Our son, Matthew, at six and seven years old dreamed horrible dreams. He would start from sleep, fly from his bedroom down the hall, then bullet his little body into our bed, eyes as wide as boiled eggs.
We could smell the fear on him, it caused his sweat to sour.
“What, Matthew?” “What is it?” his mother would ask.
And he: “Grasshoppers!”
It was a recurring nightmare: grasshoppers lurked at the bottom of a hole in his pillow. Insects huger than himself. They bit, he said, “Sideways,” and clacked when they chewed. They were waiting for the time he would fall down the shaft to their lair, where they would tear him apart for supper.
Three choices presented themselves to us, his parents.
But I had too strong a memory of my own childhood to make my mother’s choice. No one would say to our son, “Oh, Matthew, don’t be silly. There are no grasshoppers anywhere near your pillow.”
On the other hand, I was probably still enough of the child myself to be stuck with the second choice: in a sense, I believed him.
Well, I began to dream my own dream, in which Matthew and I are walking over an endless field of grass, bright green, too perfectly green to be safe. Matthew worms his hand out of mine and dashes ahead. “Wait!” I cry. “Matthew, wait!” I cry with a deep parental dread of the dangers ahead of him. And sure enough, all at once he vanishes from my sight. He has fallen into the hole of his dream. I rush forward. I find the hole. I see him falling—and I see, at the bottom, the grasshoppers of the Apocalypse waiting to eat him, and now I am in unspeakable anguish for my son. Should I jump after him? Should I return for help? I wake up.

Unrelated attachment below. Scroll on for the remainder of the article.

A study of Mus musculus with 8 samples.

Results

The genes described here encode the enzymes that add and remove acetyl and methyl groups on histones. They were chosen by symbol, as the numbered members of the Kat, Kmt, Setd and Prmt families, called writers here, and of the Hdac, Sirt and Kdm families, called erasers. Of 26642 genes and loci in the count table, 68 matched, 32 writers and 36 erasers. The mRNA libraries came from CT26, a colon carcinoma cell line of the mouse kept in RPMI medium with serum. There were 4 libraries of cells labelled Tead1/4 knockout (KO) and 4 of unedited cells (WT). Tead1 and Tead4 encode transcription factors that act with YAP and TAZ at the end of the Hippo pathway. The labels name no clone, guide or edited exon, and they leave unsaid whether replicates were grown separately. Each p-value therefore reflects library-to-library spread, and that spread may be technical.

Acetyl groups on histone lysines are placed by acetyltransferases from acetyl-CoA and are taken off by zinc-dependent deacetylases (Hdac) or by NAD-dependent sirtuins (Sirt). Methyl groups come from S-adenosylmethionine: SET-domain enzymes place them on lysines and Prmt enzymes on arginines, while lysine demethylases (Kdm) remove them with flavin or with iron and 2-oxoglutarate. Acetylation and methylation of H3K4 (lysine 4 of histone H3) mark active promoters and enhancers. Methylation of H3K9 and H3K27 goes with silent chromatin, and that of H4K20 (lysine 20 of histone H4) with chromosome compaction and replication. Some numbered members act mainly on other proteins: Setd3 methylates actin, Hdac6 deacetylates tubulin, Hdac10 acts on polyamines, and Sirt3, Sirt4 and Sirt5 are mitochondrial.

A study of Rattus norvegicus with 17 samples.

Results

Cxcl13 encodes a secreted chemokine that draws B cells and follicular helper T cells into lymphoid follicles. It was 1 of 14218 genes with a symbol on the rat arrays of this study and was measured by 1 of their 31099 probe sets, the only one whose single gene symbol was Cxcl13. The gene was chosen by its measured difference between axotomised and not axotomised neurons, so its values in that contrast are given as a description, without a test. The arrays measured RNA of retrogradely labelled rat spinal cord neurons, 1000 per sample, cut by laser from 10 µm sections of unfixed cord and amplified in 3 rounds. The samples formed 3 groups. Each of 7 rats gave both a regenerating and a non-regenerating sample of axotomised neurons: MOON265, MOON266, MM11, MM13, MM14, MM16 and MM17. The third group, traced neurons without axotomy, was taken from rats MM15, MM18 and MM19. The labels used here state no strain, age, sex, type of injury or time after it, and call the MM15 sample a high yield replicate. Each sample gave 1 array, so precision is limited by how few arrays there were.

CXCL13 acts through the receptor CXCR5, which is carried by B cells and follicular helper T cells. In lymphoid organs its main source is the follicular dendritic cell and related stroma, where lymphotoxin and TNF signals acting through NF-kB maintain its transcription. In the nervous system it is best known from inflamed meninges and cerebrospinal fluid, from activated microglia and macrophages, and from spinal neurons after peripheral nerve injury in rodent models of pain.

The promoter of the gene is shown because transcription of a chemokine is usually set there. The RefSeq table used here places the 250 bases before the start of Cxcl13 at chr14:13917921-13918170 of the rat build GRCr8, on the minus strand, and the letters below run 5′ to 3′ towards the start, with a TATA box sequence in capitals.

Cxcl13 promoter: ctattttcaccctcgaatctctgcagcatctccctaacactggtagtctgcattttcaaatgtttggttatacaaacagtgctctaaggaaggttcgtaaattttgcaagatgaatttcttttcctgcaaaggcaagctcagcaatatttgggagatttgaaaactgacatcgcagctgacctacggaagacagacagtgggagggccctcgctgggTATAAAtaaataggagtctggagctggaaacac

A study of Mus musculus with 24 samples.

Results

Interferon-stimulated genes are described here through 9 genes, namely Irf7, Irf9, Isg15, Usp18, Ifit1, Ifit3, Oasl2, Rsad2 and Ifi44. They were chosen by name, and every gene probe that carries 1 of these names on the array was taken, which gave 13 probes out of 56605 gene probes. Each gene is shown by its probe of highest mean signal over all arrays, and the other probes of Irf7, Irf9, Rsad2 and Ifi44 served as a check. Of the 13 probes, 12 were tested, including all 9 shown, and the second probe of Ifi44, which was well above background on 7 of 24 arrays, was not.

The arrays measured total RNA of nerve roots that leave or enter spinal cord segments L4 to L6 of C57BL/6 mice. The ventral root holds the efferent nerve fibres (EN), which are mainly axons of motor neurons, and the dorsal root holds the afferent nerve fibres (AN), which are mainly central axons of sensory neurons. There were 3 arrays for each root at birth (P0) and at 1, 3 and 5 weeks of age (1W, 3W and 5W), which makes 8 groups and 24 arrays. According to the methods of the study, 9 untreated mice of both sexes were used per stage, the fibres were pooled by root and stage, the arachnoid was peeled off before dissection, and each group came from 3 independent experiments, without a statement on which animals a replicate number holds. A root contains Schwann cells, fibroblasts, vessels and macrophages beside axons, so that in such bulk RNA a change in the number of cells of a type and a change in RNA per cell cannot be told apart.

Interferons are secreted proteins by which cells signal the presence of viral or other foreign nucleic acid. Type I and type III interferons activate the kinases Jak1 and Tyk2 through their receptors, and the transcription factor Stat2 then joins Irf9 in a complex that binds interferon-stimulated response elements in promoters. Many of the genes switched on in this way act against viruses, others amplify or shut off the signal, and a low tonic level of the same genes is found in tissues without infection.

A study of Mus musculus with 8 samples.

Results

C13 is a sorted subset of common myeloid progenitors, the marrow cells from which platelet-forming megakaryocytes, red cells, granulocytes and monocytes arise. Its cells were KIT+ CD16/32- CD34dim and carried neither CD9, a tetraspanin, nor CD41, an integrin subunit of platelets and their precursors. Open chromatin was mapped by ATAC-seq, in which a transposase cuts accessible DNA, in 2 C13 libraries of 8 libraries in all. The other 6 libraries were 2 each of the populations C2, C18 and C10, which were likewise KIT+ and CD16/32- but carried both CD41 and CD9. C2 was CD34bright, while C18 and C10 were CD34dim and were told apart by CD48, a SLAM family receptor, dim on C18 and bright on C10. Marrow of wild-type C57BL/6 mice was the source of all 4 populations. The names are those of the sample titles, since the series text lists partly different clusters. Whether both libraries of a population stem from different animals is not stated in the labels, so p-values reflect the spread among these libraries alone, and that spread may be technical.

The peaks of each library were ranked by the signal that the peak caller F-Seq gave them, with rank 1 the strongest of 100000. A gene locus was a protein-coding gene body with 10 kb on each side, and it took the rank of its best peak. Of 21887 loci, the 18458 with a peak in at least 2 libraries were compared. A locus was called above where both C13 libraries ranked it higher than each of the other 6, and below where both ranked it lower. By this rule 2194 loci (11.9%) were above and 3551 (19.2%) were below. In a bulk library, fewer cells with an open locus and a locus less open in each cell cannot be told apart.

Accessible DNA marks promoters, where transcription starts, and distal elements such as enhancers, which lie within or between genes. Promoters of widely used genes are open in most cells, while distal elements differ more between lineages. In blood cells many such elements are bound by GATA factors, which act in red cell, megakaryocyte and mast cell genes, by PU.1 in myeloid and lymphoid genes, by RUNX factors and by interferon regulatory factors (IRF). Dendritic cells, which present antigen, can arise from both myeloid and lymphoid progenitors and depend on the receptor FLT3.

My wife made the third choice, the still more excellent way.
One night, having calmed him down, Thanne took her son’s hand and walked back to his bed. She sat beside him on the bed and asked for the details of those grasshoppers again. Matthew recounted them, whispering, terrified to mention them in their own hearing.
When he was done, Thanne said, “Is this the pillow?”—touching the one he slept with.
“Ah,” she said, nodding in solemn agreement. “But,” she said, “Matthew, did you know that grasshoppers, they are finicky?”
“Yes. Grasshoppers live in only one kind of pillow. This kind of pillow,” she said, taking his from the bed. “Come with me,” she said and again she took his hand. She led him to a large garbage can in the kitchen, and there she stuffed the pillow good and gone forever.
Next, she got him a different sort of pillow, in which, she assured him, grasshoppers wouldn’t be caught dead living.
Also, taking advantage of the opportunity, she removed all the toys he took with him to bed.
You see? Thanne companioned him into his story. She accepted its premises, but not its present ending. She assumed the role of the storyteller and thereby led her son through the terrible (and terribly true) terrain of the tale even unto a marvelous ending. Thanne uttered the whole of the name of the spirit that had come to wrestle my son night after night, to wrestle him in his solitude. So Matthew learned the spirit’s name as well. He took power over the demon.
And he never dreamed of grasshoppers again.